In the initial panic surrounding the outbreak of the coronavirus in the U.S., California instituted several measures — including the nation’s first stay-at-home order — which helped prevent massive levels of community spreading from occurring in its most densely populated cities. But four months into the pandemic, the most populous state is experiencing a most concerning uptick in cases: Over the past week, California has averaged 5,313 new cases every day. Since June 20, the state has recorded over 40,000 new cases, building its case total to 215,000.
Much of the growth has been centered in sprawling Los Angeles County, where 39 percent of the state’s cases have emerged in the past two weeks, though it contains just a quarter of the state’s population. According to an analysis from the Los Angeles Times, the turnaround can be traced back to gatherings beginning on Memorial Day; the same goes for several states in the South and West that saw exponential growth in cases over the past week.
On Sunday, public-health officials reported 2,542 new cases, the second-highest single-day total recorded in the county. As a consequence, Governor Gavin Newsom ordered bars closed in Los Angeles County as well as in six other counties. “While we did anticipate increases in cases as sectors reopened, we did not expect the increases to be this steep this quickly,” explained Los Angeles County public health director Barbara Ferrer on Friday. “Without immediate actions to slow the spread, we risk having too many people requiring hospital care and possibly overwhelming our health-care system.”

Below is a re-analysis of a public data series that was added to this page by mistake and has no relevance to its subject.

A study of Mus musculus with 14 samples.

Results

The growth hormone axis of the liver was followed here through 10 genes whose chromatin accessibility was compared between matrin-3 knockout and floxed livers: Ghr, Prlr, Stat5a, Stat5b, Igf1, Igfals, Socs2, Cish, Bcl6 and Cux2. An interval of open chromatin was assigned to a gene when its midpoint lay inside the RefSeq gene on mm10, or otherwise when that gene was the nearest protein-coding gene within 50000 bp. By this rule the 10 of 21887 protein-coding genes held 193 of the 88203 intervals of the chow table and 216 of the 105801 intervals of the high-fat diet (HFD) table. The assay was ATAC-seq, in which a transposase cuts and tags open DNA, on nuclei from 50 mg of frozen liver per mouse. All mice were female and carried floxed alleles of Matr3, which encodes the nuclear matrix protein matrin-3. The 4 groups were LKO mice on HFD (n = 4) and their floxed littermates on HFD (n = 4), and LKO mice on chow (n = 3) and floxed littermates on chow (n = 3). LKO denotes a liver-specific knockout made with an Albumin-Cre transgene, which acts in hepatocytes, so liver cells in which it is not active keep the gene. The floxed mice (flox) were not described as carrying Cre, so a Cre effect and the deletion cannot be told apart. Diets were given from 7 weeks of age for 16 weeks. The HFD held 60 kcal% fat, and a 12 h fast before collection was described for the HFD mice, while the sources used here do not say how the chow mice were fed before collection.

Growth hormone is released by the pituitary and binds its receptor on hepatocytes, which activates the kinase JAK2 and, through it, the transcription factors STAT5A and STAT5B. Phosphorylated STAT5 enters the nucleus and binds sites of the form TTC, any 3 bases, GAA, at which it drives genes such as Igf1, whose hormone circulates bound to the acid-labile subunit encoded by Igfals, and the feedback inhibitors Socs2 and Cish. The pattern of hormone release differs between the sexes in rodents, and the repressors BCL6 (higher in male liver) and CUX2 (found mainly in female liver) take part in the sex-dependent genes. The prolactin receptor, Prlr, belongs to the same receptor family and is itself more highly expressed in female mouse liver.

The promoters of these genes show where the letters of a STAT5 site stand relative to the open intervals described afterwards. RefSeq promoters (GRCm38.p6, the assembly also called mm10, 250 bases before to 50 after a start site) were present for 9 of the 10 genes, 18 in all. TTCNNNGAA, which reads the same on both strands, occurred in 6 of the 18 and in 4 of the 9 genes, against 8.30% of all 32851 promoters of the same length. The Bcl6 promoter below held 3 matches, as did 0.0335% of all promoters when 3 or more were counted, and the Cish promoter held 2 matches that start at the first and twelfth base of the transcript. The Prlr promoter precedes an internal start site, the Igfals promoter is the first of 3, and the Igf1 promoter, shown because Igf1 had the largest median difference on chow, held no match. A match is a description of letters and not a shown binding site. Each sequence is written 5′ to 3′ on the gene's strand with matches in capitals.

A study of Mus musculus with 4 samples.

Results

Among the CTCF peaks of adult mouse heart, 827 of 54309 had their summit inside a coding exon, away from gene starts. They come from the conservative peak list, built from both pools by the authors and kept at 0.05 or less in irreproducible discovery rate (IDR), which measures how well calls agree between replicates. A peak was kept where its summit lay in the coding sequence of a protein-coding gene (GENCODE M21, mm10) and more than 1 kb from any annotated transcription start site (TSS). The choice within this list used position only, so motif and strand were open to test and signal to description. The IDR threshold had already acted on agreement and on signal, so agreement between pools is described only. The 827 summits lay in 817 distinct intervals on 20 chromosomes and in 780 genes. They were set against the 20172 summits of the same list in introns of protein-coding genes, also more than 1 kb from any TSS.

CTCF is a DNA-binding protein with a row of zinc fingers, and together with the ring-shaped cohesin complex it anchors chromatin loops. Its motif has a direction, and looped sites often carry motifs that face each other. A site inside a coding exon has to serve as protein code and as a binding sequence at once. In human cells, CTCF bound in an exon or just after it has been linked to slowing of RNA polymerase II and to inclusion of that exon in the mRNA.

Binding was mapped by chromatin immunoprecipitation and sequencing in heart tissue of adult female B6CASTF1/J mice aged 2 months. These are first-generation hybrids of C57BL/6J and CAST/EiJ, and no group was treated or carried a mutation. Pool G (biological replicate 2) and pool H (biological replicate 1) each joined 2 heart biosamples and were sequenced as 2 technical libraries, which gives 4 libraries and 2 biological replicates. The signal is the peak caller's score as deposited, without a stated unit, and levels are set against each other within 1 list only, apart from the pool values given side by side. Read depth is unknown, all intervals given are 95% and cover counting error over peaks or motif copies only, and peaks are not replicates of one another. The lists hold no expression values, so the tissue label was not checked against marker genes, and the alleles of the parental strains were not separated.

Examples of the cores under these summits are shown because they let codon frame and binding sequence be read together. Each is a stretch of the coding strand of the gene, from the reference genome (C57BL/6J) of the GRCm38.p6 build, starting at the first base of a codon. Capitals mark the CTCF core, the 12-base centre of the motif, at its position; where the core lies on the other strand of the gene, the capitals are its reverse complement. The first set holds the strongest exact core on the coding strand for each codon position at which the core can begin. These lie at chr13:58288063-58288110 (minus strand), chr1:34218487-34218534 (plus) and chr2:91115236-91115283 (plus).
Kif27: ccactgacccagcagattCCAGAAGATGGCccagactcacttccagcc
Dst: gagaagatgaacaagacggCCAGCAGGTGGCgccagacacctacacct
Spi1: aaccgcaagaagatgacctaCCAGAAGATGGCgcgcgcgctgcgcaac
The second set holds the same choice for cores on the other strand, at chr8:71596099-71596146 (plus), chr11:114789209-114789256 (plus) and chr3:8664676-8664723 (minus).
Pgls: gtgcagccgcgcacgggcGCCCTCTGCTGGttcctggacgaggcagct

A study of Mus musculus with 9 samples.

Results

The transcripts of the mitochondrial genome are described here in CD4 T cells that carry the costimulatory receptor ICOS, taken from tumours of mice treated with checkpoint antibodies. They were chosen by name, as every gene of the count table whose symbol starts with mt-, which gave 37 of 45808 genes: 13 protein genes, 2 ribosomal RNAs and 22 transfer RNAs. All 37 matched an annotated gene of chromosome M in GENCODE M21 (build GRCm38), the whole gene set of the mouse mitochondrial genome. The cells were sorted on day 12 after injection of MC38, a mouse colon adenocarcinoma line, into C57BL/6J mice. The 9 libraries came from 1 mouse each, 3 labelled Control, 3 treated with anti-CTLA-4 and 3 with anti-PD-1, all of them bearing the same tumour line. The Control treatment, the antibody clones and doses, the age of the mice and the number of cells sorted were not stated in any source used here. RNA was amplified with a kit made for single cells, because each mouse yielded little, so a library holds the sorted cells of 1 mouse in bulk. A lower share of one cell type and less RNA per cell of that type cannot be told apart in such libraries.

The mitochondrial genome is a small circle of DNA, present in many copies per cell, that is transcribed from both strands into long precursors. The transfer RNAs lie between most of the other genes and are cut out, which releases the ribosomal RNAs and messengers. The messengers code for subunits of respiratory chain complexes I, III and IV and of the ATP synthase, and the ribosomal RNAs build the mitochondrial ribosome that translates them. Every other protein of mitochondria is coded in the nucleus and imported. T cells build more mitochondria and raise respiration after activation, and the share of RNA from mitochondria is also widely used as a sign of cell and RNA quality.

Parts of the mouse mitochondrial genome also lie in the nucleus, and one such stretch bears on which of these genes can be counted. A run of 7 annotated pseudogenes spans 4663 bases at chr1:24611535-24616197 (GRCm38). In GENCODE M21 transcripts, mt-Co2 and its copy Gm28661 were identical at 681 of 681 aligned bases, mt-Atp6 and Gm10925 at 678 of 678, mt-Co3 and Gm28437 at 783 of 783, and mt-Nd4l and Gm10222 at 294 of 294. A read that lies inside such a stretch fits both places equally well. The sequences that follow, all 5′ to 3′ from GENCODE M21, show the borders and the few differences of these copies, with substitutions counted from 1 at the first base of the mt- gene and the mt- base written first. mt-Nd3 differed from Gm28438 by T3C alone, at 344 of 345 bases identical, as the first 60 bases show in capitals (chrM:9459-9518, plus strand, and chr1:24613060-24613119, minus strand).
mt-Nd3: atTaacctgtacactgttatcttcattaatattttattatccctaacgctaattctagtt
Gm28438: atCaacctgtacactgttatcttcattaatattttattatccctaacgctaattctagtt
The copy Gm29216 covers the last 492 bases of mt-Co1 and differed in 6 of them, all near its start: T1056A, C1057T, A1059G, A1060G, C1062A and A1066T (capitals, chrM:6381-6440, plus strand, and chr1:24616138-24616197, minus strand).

While hospitals can handle the current caseload, the rapid growth in hospitalizations is a cause for concern: On Saturday, 4,498 patients were hospitalized, around 50 percent more than the mid-April average. And on Monday, Newsom announced that 39 percent of the state’s ICU beds were in use for coronavirus patients. L.A. County health officials are now projecting that its hospitals could run out of beds in two to three weeks, while its ICU beds could run out sometime in July.
While L.A. County has long been a hot spot — over 3,300 of the state’s 5,971 deaths have occurred there — the resurgent outbreaks have not been limited to southern California. A significant uptick has occurred at San Quentin State Prison north of San Francisco, where almost a third of all inmates have contracted the virus in just under two weeks. At least 89 workers, who all live in surrounding counties, have tested positive as well. The patient count at San Quentin — which grew to just over 1,000 on June 29 — now represents close to half of confirmed cases in the entire California state prison system.
The decision to close bars in several major counties — as well as San Francisco’s decision on Friday not to go ahead with its reopening of bars on Monday — appears to be an effort to dampen the spread of the virus among young adults, who are driving the surge of cases in states including Texas, Florida, and Arizona. The trend appears to be consistent in California:
As a result of the increased transmission rate and surge in cases, many iconic destinations in the state will be closed for the Fourth of July, including all L.A. County beaches, the campgrounds at Yosemite, and Disneyland.